I didn't know my dad was an alcoholic until I was in my 40's.  I knew he drank, but then most of my friend's dads drank.  I had one friend who's dad would be passed out on Sunday's from his drinking on Saturday.  He was an alcoholic.  He was what I thought alcoholics (drunks) looked like.  My dad wasn't like that.  He wasn't abusive physically or vocally.  He was responsible.  He always went to work.  There was always food on the table.  We were poor, but there were five of us kids plus mom he supported.  He had a full-time job and worked part-time jobs  to provide for us (and his addiction).  I didn't know we were poor until I got into my teens although I became a thief to get what I wanted.  Later in my life a psychiatrist  told me he thought I stole to take something of value from those who hurt me.  I believe that was at least partially true.

My mother kept his drinking a well hidden secret.  She protected him.  She protected us children - or so she thought.  She did it so well that things were distorted.  I remember one Saturday morning she was upset with dad and was confronting him in front of me.  It was about his drinking.  It didn't occur to me that it was around 9:00 on a Saturday morning and he already had a certain look that he had when he was drinking.  I don't know how old I was - I'm guessing I was probably in my early teens.  I remember sitting at the dining room table watching her confront him and thinking - if I was married to a woman (PG version) like you I'd probably drink too.  My relationship with her was never the same after that.  I loved her, but I didn't really like her.  I didn't realize this until I was an adult.  Does this mean she was an unloving mother?  Not at all.  I now know she was doing the best she could to take care of her marriage, the needs of her children and herself, and stay sane in the process.  It's all part of the disease of alcoholism.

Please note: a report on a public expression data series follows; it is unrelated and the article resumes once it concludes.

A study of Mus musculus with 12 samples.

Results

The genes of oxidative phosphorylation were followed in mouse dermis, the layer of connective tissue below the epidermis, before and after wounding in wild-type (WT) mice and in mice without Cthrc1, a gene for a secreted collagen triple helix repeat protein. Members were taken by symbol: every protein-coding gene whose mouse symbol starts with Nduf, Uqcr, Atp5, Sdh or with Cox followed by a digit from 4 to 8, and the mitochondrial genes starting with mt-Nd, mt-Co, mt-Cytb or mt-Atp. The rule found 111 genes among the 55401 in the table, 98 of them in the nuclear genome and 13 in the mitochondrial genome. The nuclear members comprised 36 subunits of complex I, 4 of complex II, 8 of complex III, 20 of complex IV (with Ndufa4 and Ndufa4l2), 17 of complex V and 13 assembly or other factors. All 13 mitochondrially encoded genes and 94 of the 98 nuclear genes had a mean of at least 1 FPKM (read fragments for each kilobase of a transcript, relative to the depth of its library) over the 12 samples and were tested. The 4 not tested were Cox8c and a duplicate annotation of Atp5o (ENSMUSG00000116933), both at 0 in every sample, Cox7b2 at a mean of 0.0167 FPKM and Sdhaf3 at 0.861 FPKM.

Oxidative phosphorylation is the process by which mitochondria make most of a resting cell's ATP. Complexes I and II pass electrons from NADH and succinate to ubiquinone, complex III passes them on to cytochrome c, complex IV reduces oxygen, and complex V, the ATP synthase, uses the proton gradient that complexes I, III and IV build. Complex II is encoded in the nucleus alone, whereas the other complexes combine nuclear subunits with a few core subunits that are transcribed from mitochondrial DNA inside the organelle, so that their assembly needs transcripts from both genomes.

One day I picked up a newspaper and I saw an article on adult children of alcoholics.  I had been through some depression and was in an unhappy marriage.  I had been going to counseling.  I was looking for answers for problems in my life.  This article listed some personality traits of adult children of alcoholics.  As I read them I began to realize they were pretty much describing me.  I knew then, on some level, that I had been raised in an alcoholic home.  I photocopied the article and sent it to my siblings along with a letter that I had discovered "our" problem.  The following Sunday night I received a phone call at 10:00 - it was my mother.  She said, "My God Tom - what have you done?".  I asked her what she meant.  She was referring to the letter and article I had sent my siblings.  At least two of them had called her and asked her what it was about.   I told her, "I told the truth.".  I asked her if dad had been an alcoholic (he died 15 years earlier) and she admitted he had been.  I opened a can of worms with my siblings and it took me five years to work it out with my youngest sister.  In further discussions with each of them it was like we all lived in a different home. 

I thought it was very strange that we could all live in the same house with the same mom and dad and not know the truth of what was going on.  I have since learned that this is not uncommon.  I have met several people who had similar stories.  You may have a similar one yourself or maybe you haven't found out yet, but you suspect something was wrong in your childhood. 

If you know or if you suspect you were raised in an alcoholic home I suggest you find either an adult children of alcoholics

(ACOA) or an Al-anon meeting in your area and attend.  If you would like to explore the personality traits of ACOA's click here and here.